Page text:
Having a jersey retired is considered as one of the biggest honours in the career of an NBA player, so to have this bestowed upon you twice, shows just how special Charles Barkley was during his 16 years in the league.
The first of his jersey retirements came 15 years ago today, on March 30, 2001, by the Philadelphia 76ers who drafted him in 1984, in the same historic draft class as Michael Jordan and Hakeem OIajuwon.
Selected fifth overall, Barkley initially joined a roster that included stars such as Moses Malone, Julius Erving and Maurice Cheeks, who had won the NBA championship in 1983. Nonetheless, Barkley went on to become a dominant force in the NBA during his eight seasons in the city of brotherly love.
Many of his achievements were accomplished in a Sixers uniform where he became a star and the face of the franchise. His stardom and celebrity led to success off the court too.
His performances for the Sixers saw him appear on the cover of Sports Illustrated for the first time as well as having his own signature shoe collection with major sports brand Nike.
During his career, Barkley was something of an enigma, an undersized power forward who could do it all. He would routinely dominate players of a bigger size in that position in a number of ways. But there was one aspect of the game he owned; rebounding. This skill earned him the nickname "Round Mound of Rebound."
Speaking about Barkley in an interview with SLAM magazine, former NBA champion Bill Walton said: "Barkley is like Magic [Johnson] and Larry [Bird] in that they don't really play a position. He plays everything; he plays basketball. There is nobody who does what Barkley does. He's a dominant rebounder, a dominant defensive player, a three-point shooter, a dribbler, a playmaker." (via NBA.com)
The time Barkley spent in Philadelphia was full of ups and downs, though. He was a very outspoken and aggressive character and was involved in his fair share of controversies as a result. He was involved in an altercation with Detroit Pistons center Bill Laimbeer in 1990, which resulted in a record $162,500 fine. This was followed by the infamous spitting incident with a heckling fan in 1991.
It was an incident he opened up about once he'd retired and expressed his guilt for what had happened.
"I was fairly controversial, I guess, but I regret only one thing—the spitting incident. But you know what? It taught me a valuable lesson," Barkley said. "It taught me that I was getting way too intense during the game. It let me know I wanted to win way too bad. I had to calm down. I wanted to win at all costs. Instead of playing the game the right way and respecting the game, I only thought about winning."
On a more positive note, in his final year with the 76ers in 1991-92, Barkley opted to wear the number 32 jersey instead of his usual 34 in a touching show of support for Magic Johnson, who had confirmed at the beginning of that campaign that he was HIV-positive. The number was retired by the franchise but they agreed to unretire it for Barkley to wear.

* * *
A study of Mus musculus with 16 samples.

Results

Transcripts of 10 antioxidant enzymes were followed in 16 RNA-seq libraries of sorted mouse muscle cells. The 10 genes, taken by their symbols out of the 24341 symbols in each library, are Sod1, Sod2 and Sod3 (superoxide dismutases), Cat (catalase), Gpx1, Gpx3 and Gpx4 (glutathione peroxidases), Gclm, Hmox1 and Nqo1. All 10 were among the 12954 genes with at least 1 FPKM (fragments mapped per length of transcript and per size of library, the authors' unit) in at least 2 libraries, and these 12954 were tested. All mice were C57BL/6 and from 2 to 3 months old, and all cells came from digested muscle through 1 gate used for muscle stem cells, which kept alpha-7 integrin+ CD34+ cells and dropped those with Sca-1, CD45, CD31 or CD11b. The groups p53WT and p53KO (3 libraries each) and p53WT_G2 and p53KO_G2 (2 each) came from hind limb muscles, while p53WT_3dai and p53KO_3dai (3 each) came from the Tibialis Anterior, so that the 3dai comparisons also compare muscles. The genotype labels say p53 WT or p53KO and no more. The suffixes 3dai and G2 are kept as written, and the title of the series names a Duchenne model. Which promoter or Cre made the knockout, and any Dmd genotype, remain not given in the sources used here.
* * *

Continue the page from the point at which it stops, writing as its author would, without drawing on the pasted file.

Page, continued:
In his first seven years in Philly, Barkley made the playoffs but the team consistently fell short and couldn't make it over the finishing line. In his eighth year the team failed to make the playoffs and he decided it was time for a change. He was duly traded to the Phoenix Suns ahead of the 1992-93 season.
The Philadelphia organisation and Barkley didn't end on the best of terms but after his career came to a premature end in 1999 after suffering a ruptured quadriceps tendon in his left knee, ironically against the 76ers, it didn't deter them from deciding to retire his number 34 jersey.
"My years in Philadelphia were very special to me," Barkley said after the announcement by the Sixers. "To have my jersey retired, hung next to some of the greatest players of all time . . . Wilt Chamberlain, Julius Erving, Maurice Cheeks, I consider this an incredible honor."
The Alabama native's 16-year stint in the NBA solidified him as one of the greatest players to ever grace the court, but he has had to live with one negative aspect that he is reminded of every day; he didn't win a ring.
He enters that unwanted list of the best players to have never won a championship that includes the likes of Patrick Ewing, John Stockton, Karl Malone and Allen Iverson.
In 2006, however, Barkley entered a more favourable list that every player dreams of as he was inducted into the Naismith Memorial Basketball Hall of Fame. He was later inducted again in 2010 for his role as a member of the USA 'Dream Team', winning gold medals in 1992 and 1996.
Since 2000 Barkley has been a studio analyst covering the NBA for TNT and is today considered one of the best analysts around. He was recognised for this in 2012 when he won a Sports Emmy Award for "Outstanding Studio Analyst" for his work on TNT.
His unscripted views, mixed with humour and considerable knowledge of the game, make him a voice that people warm to and tune into on a regular basis. He is instrumental in making "Inside the NBA" one of the most watched sports programmes in America.
The 53-year-old may not have won a title, but he has gone on to win the hearts of many NBA fans around the world and has become synonymous with the NBA in multiple ways.